Hannah Morgan, University of Bristol, email@example.com
The Water Cycle
Water in a Pool
Water is one of the most common compounds on Earth. It makes up around 71% of the Earth's surface. It is a compound of hydrogen oxide, H20, with a molar volume of 18mg/l. Water is a clear, colourless, odourless liquid. A human can only survive for a matter of days without it.
This is a diagram showing the structure of water: the oxygen is in red, the hydrogen in grey.
Water is a polar molecule, the diagram below shows the regions of positive and negative charge on a water molecule.
As water is polar, it interacts with other molecules by hydrogen bonding.
This diagram shows the differences in bond lengths between molecules.
The difference in polarizability in the molecule leads to attraction of other hydrogen molecules to an oxygen atom.
This diagram shows the regions of charge surrounding two water molecules, and the dotted line represents a hydrogen bond.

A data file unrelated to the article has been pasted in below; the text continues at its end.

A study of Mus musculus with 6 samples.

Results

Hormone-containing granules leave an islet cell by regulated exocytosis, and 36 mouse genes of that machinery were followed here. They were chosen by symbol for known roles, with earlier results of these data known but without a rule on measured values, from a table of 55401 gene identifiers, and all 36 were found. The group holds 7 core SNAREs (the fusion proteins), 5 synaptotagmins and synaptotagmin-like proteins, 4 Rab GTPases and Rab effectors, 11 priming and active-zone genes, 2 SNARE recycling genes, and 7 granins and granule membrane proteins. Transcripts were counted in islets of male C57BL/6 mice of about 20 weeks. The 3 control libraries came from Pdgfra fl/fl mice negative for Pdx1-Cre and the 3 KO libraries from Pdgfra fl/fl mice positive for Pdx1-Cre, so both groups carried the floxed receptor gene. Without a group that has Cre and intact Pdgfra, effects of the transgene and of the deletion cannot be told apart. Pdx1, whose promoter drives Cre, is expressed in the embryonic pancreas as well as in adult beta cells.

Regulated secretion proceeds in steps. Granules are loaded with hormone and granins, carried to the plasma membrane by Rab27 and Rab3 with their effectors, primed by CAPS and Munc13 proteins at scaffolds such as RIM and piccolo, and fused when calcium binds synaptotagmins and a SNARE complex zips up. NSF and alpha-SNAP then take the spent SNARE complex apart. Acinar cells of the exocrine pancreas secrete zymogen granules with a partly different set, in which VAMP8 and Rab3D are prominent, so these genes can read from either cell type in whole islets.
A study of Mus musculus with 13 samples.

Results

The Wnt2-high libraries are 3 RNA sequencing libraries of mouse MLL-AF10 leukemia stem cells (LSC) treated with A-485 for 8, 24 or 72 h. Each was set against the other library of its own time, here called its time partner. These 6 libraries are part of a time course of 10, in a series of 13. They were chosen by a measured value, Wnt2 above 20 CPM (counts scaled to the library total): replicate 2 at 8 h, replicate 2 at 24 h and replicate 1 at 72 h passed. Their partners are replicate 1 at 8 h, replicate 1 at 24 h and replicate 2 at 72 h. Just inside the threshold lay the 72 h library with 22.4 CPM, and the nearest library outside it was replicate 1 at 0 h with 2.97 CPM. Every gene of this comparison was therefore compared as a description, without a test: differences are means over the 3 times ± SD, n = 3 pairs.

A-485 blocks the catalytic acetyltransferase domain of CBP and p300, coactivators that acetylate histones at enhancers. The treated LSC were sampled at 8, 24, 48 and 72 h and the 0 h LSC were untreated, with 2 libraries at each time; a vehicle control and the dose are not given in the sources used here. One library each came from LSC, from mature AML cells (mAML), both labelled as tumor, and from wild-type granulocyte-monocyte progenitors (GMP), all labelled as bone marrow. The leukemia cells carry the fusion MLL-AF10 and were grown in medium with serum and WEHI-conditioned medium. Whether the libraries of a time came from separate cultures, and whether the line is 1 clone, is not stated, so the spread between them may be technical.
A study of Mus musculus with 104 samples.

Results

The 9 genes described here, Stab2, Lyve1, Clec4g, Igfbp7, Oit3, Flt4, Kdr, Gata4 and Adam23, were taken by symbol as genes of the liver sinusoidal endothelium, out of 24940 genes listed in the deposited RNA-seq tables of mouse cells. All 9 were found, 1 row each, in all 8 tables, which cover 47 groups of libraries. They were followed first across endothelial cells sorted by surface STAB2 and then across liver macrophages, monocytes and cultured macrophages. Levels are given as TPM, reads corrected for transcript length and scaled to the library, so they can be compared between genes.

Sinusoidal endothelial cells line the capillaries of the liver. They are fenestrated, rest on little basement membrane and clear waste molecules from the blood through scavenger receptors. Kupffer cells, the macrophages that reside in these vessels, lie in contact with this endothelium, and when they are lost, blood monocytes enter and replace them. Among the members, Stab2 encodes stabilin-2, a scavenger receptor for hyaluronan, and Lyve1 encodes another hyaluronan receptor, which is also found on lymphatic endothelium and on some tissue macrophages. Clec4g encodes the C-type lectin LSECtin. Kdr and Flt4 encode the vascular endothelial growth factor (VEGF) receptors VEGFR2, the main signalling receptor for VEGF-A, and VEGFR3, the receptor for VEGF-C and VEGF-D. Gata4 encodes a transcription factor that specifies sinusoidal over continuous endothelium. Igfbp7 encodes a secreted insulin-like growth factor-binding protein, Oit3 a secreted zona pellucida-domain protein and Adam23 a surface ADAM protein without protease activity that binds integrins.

Sometimes water gives the appearance of being blue, this is because light is attenuated as it passes through, the blue wavelengths are attenuated least and so are reflected from the bottom of pools for example, this results in the blue colour.
Does water come straight from the tap?
Water itself does not come from the tap, but its origin is part of a simple cycle called the water cycle. This has to meet different standards to water used for other uses. There is a saying that water flowing down the River Thames has been drunk by eight people before in its life. This is probably true. There is only a finite supply of water on Earth, but it has its own natural cycle which enables us to drink it whenever we like!